Peak Fall Colors in the Great Smoky MountainsThere are many reasons to visit the Great Smoky Mountains; the historic Cherokee territory, tourist attractions such as Dollywood, Gatlinburg and Pigeon Forge, recreational areas dedicated to outdoor activities (camping, fishing, hiking, hunting, rafting, snow skiing, etc), breathtaking scenery — all situated amid some of the highest mountain peaks east of the Rockies. The number of visitors (exceeding nine million annually) attest to the popularity of the Great Smokies, making it the nation’s most-visited national park.

Probably the most popular and eagerly anticipated time of the region’s year is the autumn/fall season, in particular late September thru October. During this relatively brief change-of-season period, the heavily forested Smokies literally explode into a stunning display of brilliant colors, providing unequalled photographic and sightseeing experiences that are guaranteed to impress, inspire and create future return visits to this national treasure.

Beginning in late September, the higher elevations (4,000 feet and higher) are the first to start the color transformation process, with birch, dogwood and maple trees slowly-but-surely changing from their normal green hues into attention-grabbing, dazzling bright orange, red and yellow colors. Some of the best locations to view this natural miracle include the Clingman’s Dome area (elevation 6,643 feet — Tennessee’s highest), Mount Collins and Mount Le Conte. Tip: Be sure to take along at least a medium-weight jacket.

Beginning in early October, visitors to slightly lower elevations are rewarded with a veritable artist’s palette of brilliant color splashes, especially among the bold yellows of beech and birch trees, as well as the vibrant reds of abundant ash, cherry and maples. Ideal viewing spots for taking in these attractions include the Foothills Parkway and numerous vantage points in and around Cade’s Cove, an area well-known for family-friendly camping and hiking accessibility.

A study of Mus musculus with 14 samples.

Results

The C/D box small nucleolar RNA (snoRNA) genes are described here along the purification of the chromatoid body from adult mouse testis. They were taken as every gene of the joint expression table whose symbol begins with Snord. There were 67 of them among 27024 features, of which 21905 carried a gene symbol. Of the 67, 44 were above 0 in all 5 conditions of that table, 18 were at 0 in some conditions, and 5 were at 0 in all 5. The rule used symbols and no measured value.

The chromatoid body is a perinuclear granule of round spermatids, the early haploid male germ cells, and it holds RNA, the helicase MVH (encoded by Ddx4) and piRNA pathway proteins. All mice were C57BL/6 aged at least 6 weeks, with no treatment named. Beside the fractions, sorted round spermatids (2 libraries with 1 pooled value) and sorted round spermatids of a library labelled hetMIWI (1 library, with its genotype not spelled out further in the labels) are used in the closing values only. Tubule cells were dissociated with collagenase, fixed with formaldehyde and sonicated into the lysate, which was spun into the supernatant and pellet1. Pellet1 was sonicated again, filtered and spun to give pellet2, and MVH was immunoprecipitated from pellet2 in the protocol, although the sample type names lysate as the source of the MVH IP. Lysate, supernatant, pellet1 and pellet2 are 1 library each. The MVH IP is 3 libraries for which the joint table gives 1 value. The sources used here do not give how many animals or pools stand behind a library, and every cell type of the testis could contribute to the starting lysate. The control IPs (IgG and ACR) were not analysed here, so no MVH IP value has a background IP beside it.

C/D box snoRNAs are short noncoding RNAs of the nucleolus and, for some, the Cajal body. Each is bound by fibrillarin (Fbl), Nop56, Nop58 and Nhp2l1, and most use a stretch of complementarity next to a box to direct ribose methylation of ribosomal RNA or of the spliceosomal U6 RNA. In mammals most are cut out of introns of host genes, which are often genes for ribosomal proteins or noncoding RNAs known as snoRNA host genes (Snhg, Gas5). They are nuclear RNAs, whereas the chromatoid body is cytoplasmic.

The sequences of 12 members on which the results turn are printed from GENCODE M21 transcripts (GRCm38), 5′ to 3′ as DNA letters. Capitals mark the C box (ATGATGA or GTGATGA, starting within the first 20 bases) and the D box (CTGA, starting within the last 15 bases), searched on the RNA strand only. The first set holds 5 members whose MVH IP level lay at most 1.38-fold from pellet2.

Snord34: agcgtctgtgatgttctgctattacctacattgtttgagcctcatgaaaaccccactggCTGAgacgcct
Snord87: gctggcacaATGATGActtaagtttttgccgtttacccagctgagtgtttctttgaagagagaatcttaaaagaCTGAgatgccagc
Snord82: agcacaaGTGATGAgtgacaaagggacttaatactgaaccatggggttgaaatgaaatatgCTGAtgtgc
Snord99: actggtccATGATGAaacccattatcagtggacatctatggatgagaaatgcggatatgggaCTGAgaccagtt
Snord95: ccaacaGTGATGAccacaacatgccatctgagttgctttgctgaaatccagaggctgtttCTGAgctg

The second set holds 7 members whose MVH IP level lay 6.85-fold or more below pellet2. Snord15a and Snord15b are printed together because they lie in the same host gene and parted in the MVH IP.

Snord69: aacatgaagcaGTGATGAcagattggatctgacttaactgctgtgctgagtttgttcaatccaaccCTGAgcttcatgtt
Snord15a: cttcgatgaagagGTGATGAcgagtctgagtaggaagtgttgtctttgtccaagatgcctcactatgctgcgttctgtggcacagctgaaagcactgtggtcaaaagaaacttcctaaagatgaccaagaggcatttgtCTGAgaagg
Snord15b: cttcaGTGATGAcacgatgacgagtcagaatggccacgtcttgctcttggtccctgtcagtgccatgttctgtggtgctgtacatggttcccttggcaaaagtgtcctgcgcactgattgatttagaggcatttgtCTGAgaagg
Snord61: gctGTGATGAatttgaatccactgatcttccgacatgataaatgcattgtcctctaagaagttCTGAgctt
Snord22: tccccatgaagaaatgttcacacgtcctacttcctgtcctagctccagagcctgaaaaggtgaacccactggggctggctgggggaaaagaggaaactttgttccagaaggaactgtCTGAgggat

By mid-October, due to the thinner atmosphere, the central Smokies’ higher elevations are usually at their ‘color peak, ‘ with the bold reds of black gums, dogwoods and sourwoods brilliantly interspersed among the deep golds of beech, birch, black walnut and hickory trees. Some of the best locales for appreciating their colorful splendor are Balsam Mountain Road, Cove Creek Road, and (again) the Foothills Parkway.

Depending on local weather variables (rainfall, temperature, etc), late October is almost always the most opportune time to experience the Great Smokies’ Mother Nature Show. From the highest points down through picturesque valleys, the landscape is awash in almost every imaginable color — and even some ‘hybrid’ hues that are both unimaginable and indescribable.

Regardless of whether your family is vacationing, camping out, or just enjoying a day or weekend excursion, the annual ‘Changing of the Colors’ in the Great Smokies is an experience that is certain to be both entertaining and unforgettable.